Dr. David Dunn may end up being the best thing that ever happened to local journalism.
Because any reporter walking out of an interview or press conference with Dunn, U of L executive vice president for health affairs, takes away the gnawing suspicion there are few public figures in Louisville so richly deserving of scrutiny by Louisville’s feeble Fourth Estate.
Personally, Dunn motivates me to come back and look at everything he touches at U of L, at the School of Medicine and most importantly, at University of Louisville Hospital. This is to some extent an issue of the wrong person in the wrong, thankless job.
Instead of someone with diplomatic skills and a willingness to say mea culpa, mea bene culpa when caught, U of L officials selected Dunn – a little god – as the public face of the university.
A little god who is truculent, imperious, officious and superior, yet oddly crude and ham-handed in his obfuscation.
Today, Dunn turned in a vintage performance at an ad hoc press conference called in response to Auditor of Public Accounts Adam Edelen’s findings on the Quality Care and Charity Trust.
Dunn started out by thanking Edelen for honoring U of L’s request for an audit.
His tone was, “Thank goodness the university proactively turned to this trusted third-party for oversight when we realized there were teeny little insignificant technical issues related to U of L’s management of QCCT,” a $30 million-plus pot of state and city money used to fund indigent care at University of Louisville Hospital.
That was Dunn’s point of departure, and any attempt to talk about the main issues of accountability and transparency was, ah, unwelcome.
In fact, the audit started with Jefferson County Attorney Mike O’Connell last January and O’Connell’s investigation into the failed hospital merger, NOT with U of L officials:
Jefferson County Attorney Mike O’Connell today announced an apparent deficiency in meeting records of The Quality Care and Charity Trust (QCCT), the entity which manages state and local indigent care funds to University of Louisville Hospital. The trust, which is responsible for administering approximately $32 Million of public funds annually, is required by its by-laws to meet twice annually to perform its fiduciary responsibilities.
“Dr. David Dranove, of Northwestern University, the national expert I retained to review documents provided to me in settlement of my lawsuit against U of L, recommended that, should the merger be approved, ‘the county and state should explore establishing an independent, locally-controlled foundation that is responsible for funding certain mission-oriented activities of the hospital,’” said O’Connell.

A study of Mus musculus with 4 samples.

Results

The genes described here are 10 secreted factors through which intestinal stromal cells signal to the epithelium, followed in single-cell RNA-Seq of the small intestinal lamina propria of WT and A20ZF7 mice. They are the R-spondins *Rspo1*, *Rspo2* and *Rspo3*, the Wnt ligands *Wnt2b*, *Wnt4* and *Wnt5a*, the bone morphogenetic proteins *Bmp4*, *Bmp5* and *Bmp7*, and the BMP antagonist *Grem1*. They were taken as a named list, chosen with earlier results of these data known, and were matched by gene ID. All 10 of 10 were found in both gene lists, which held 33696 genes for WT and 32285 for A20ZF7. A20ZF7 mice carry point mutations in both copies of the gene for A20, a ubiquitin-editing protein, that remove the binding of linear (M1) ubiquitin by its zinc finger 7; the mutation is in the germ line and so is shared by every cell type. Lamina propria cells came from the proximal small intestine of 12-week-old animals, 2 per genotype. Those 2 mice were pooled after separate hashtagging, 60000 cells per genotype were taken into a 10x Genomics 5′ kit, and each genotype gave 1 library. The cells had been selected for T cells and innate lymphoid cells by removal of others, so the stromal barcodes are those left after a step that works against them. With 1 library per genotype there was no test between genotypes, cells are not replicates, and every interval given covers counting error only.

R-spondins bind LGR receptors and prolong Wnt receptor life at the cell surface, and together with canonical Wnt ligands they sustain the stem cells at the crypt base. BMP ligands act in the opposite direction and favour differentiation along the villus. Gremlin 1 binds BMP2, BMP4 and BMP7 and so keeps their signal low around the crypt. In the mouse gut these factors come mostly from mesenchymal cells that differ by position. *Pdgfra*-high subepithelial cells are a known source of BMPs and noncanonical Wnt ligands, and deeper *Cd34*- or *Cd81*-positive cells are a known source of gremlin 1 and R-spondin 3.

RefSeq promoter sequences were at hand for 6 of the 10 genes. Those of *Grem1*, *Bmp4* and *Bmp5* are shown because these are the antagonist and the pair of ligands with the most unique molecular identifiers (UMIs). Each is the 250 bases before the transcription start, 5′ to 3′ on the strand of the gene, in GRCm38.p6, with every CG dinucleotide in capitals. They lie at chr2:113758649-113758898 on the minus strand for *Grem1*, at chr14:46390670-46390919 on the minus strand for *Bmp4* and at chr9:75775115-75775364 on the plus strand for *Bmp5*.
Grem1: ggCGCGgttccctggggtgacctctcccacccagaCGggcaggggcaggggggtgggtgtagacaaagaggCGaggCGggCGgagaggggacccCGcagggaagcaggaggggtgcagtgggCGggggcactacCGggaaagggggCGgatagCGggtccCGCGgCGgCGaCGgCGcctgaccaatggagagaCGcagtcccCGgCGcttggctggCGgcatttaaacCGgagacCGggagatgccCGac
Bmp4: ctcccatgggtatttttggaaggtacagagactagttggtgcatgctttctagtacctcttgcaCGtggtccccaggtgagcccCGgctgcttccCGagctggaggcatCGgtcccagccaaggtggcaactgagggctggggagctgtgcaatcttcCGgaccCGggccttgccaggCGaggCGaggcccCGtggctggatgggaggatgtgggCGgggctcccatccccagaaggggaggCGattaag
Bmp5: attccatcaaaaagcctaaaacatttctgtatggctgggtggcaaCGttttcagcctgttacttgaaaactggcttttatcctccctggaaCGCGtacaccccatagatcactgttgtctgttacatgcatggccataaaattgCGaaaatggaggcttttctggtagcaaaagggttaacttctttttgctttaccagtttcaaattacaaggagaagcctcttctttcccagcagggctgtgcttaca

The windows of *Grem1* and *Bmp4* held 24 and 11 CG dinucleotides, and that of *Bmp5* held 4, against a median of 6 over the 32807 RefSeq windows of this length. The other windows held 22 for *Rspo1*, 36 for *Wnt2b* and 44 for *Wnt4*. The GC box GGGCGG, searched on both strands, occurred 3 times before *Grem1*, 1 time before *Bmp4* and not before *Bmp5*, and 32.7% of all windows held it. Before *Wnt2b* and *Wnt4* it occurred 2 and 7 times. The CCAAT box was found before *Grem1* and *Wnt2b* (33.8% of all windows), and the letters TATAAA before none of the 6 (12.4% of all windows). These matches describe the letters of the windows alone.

“On December 28, 2011, I requested from the University of Louisville, under the Kentucky Open Records Act, the minutes of the QCCT Board of Directors meetings, annual audit reports, and other documents. “The response I received indicates that the QCCT Board’s last meeting was December 5, 2007 – 4 years ago. Information suggests that a meeting was held in 2009, but no minutes of such a meeting have been produced.”
So, the county attorney has to use the open records act to get any information from U of L about its indigent care trust!
In reality, Ramsey’s response at the time was not compliant, but evocative of George W. Bush: “Bring it on.”
Now, let’s look at Edelen’s actual findings versus Dunn’s spin.
- QCCT board structure is not conducive for providing proper oversight.
- QCCT board failed to meet as required by the QCCT bylaws.
- QCCT board meetings were not effective for proper oversight.
- QCCT board lacks written policies and procedures.
- QCCT board did not have sufficient communication with the audit firm.
- QCCT board did not review or approve the annual funding calculation.
- QCCT does not have an updated agreement in place.
- QCCT funds are not accounted for at the patient level.
- Indigent Care Log does not provide adequate information for proper accountability of QCCT funds.
Dunn, on the other hand, seized upon one finding in the audit as absolute vindication: No one stole any money from the fund while U of L officials weren’t paying attention.
To his defense, Dunn is the unfortunate and unsuitable soul who has to carry U of L President James Ramsey’s water in Ramsey’s relentless efforts to evade public scrutiny.
Even though U of L is a public school, funded by state dollars as well as federal student loans. U of L does generate revenue from research and licensing, but even those are a direct product of public funding for U of L research or sports.
Ramsey – who in our opinion is otherwise a very successful president – has always resisted accountability, spending hundreds of thousand of dollars on legal fees to move anything vaguely sensative to “private” foundations. He even proclaimed University Medical Center “private” during the debate over whether U of L Hospital should merge with Catholic Health Initiatives, a Denver-based, faith-based hospital network.
So for the record, Dr.Dunn, the QCCT audit came out of your public institution’s relentless evasion of public oversight in the face of repeated instances of university officials caught being inept at best, or at worst apologetically treating the public’s money as their own.